Wyoming Gray Wolf Hunting Seasons
No one needs to tell us that Wyoming wolves are suffering low priority in Wyoming’s wildlife management. Especially now! You can help us change that! Here’s an opportunity to take immediate action.
- WGFD Public Meeting in Jackson, WY
- June 6, 2019
- 6:00 PM @ Teton County Library, 125 Virginian Lane
Wyoming Wolves Need Your Comments!
Comment deadline for Chapter 47 is 5:00 PM on Monday, June 17, 2019
Wildlife managers are reporting reduced numbers throughout wolf range in Wyoming, the fewest animals counted since the Wyoming Game and Fish Department (WGFD) took over management and initiated hunting seven years ago. The overall Wyoming wolf population, estimated at 286 as the calendar turned to 2019, was down 61 animals from a year ago.
Wyoming wolves are trapped and killed in almost any manner in over 85% of the state. But yet, the WGFD continues to reduce the population to minimum numbers.
The WGFD is holding public meetings on the proposed 2019 gray wolf hunting seasons for comment. The final proposal will go to the G&F Commission at the July 18-19 meeting in Rock Springs, WY. Comment deadline Monday, June 17, 5:00 p.m. The local Jackson, WY public meeting is at the Jackson Teton County Library, June 6, 6pm. A second public meeting is in Dubois at the Headquarters Arts and Conference Center, May 29, 6pm.
Show Up. Get Informed. Comment.
Submit YOUR comments online to WGFD
Go to https://wgfd.wyo.gov/Get-Involved/Public-Meetings
Scroll to View Chapter 47: Gray Wolf Hunting Seasons
Click on “online comments”
WYOMING GRAY WOLF MONITORING AND MANAGEMENT 2018 ANNUAL REPORT
We have posted a few key numbers from the annual wolf report, followed by recommended Talking Points for public comment to WGFD. WU believes that there is no science-based foundation for “sport” or “trophy” hunting, trapping or managing a population to minimum numbers.
Deadline for Comments: June 17, 5:00 p.m.
Wildlife managers are reporting reduced numbers throughout wolf range in the state.
- Wyoming Game and Fish reported 286 wolves statewide running in 46 packs at the end of 2018. This count breaks down as follows: 80 wolves in Yellowstone National Park, 152 in Wyoming’s Trophy Zone, 44 in Wyoming’s Predator Zone (over 85% of the state) and 10 wolves in the Wind Reservation. This is down 61 animals from a year ago. That’s the fewest animals counted since the WGFD took over management and initiated hunting seven years ago.
- Yellowstone National Park wolf numbers are as low as they have been since the late-1990s reintroduction era. They cannot go below 50 and 5 breeding pairs or wolves are relisted.
- Game and Fish has a population goal of 160 wolves outside Yellowstone Park boundaries. If the wolf population outside the Park falls below 150 wolves and 10 breeding pairs, wolves are automatically relisted. Thus, 160 wolves are as low as the state can go while still ensuring that 10 federally required breeding pairs remain on the landscape. This year the count came out at 152, a 23% dip below 2018’s count of 198 wolves.
- Wyoming officials tallied 13 breeding pairs within their jurisdiction, although two of those pairs resided within the predator zone. Wolf numbers cannot go below 10 breeding pairs in the Trophy Zone without automatic relisting.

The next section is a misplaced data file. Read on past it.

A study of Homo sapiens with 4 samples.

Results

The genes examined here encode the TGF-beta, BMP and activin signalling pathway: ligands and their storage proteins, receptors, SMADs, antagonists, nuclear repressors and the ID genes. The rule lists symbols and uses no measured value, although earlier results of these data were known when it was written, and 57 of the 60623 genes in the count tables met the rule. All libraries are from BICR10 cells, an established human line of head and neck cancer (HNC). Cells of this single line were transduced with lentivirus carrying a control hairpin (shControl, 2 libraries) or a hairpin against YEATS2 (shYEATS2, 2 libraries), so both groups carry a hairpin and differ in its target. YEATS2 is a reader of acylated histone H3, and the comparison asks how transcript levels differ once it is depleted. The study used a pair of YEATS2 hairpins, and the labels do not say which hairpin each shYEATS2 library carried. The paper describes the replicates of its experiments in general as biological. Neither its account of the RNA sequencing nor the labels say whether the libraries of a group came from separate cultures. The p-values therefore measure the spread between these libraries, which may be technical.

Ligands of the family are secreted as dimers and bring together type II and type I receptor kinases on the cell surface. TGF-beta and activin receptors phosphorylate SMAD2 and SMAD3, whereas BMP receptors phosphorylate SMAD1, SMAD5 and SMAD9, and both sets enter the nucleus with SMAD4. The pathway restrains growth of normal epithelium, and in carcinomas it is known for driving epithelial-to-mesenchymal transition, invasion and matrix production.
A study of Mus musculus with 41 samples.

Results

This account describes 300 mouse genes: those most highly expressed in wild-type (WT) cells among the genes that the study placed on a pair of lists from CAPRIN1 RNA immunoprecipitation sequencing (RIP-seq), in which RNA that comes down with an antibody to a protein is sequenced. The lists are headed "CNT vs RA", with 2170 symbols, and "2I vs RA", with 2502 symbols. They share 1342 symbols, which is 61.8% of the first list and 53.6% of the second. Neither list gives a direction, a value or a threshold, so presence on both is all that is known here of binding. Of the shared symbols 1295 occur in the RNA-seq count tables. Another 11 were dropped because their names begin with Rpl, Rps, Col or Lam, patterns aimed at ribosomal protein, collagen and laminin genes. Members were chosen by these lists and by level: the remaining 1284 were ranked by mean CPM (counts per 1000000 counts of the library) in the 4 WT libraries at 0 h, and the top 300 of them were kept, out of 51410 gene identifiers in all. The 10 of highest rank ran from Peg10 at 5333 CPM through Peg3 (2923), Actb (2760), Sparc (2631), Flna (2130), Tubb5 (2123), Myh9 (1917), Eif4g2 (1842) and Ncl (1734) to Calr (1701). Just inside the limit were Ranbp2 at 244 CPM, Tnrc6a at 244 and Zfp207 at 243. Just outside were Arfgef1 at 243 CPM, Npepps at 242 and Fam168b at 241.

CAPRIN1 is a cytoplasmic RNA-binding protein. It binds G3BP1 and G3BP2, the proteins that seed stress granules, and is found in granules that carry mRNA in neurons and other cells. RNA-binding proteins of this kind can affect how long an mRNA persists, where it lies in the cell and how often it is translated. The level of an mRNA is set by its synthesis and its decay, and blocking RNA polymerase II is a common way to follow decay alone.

- This is the outcome Wyoming managers have been seeking through fewer wolves concern wildlife watchers.
- The balance of Wyoming’s wolf population lives in the “trophy game” area, in the Yellowstone region’s core outside the national parks. Here, WGFD has the most control over numbers, and they use hunting as the primary tool.
- Game and Fish has a long-held population goal of 160 wolves in that region, a count that, models say, is as low as the state can go while still ensuring that 10 federally required breeding pairs remain on the landscape. This year the count came out at 152, a 23% dip below 2018’s count of 198 wolves.
- Various human causes of death explained the vast majority of wolf mortalities. About half died from hunting; more than a third were culled after deadly run-ins with livestock.
- Game and Fish chalked up 54 cattle, 15 sheep and a horse as having succumbed to wolf predation. Cattlemen lost roughly half the stock they did in 2017, and a third of what was documented in 2016. Woolgrowers, likewise, dealt with only about a fifth the predation that was reported the previous two years.
It is usually most effective to be persuasive, but not rude, sarcastic or angry. Speak from the heart of one who is more inclined to support our Game & Fish Department if and when doing what is best and right for all residents and visitors in Wyoming, now and into the future. Original words directly from your own heart and mind are more likely to be given consideration than words and phrases that sound scripted.
Focus the energy of your words on wolf hunting, trapping and snaring reform and the shifting tide to twenty-first century wildlife management and public tolerance.
How should you say it?
Wrap your own words around a spectrum of reasons to send wolf trophy trapping and hunting practices to the “gut pile”. Reasons that might speak to:
- emerging trends in wolf wildlife management;
WU believes that the value of wolves to the health of our public landscapes outweighs the recreational opportunity to trap and kill with cruel and inhumane steel devices year-round without any scientific foundation. We request that the Wyoming Game and Fish Department and the Wyoming Game and Fish Commission permanently end hunting of wolves in the Trophy Zone.
- wolves are not trophies;
We value wolves as valuable contributors to a healthy landscape.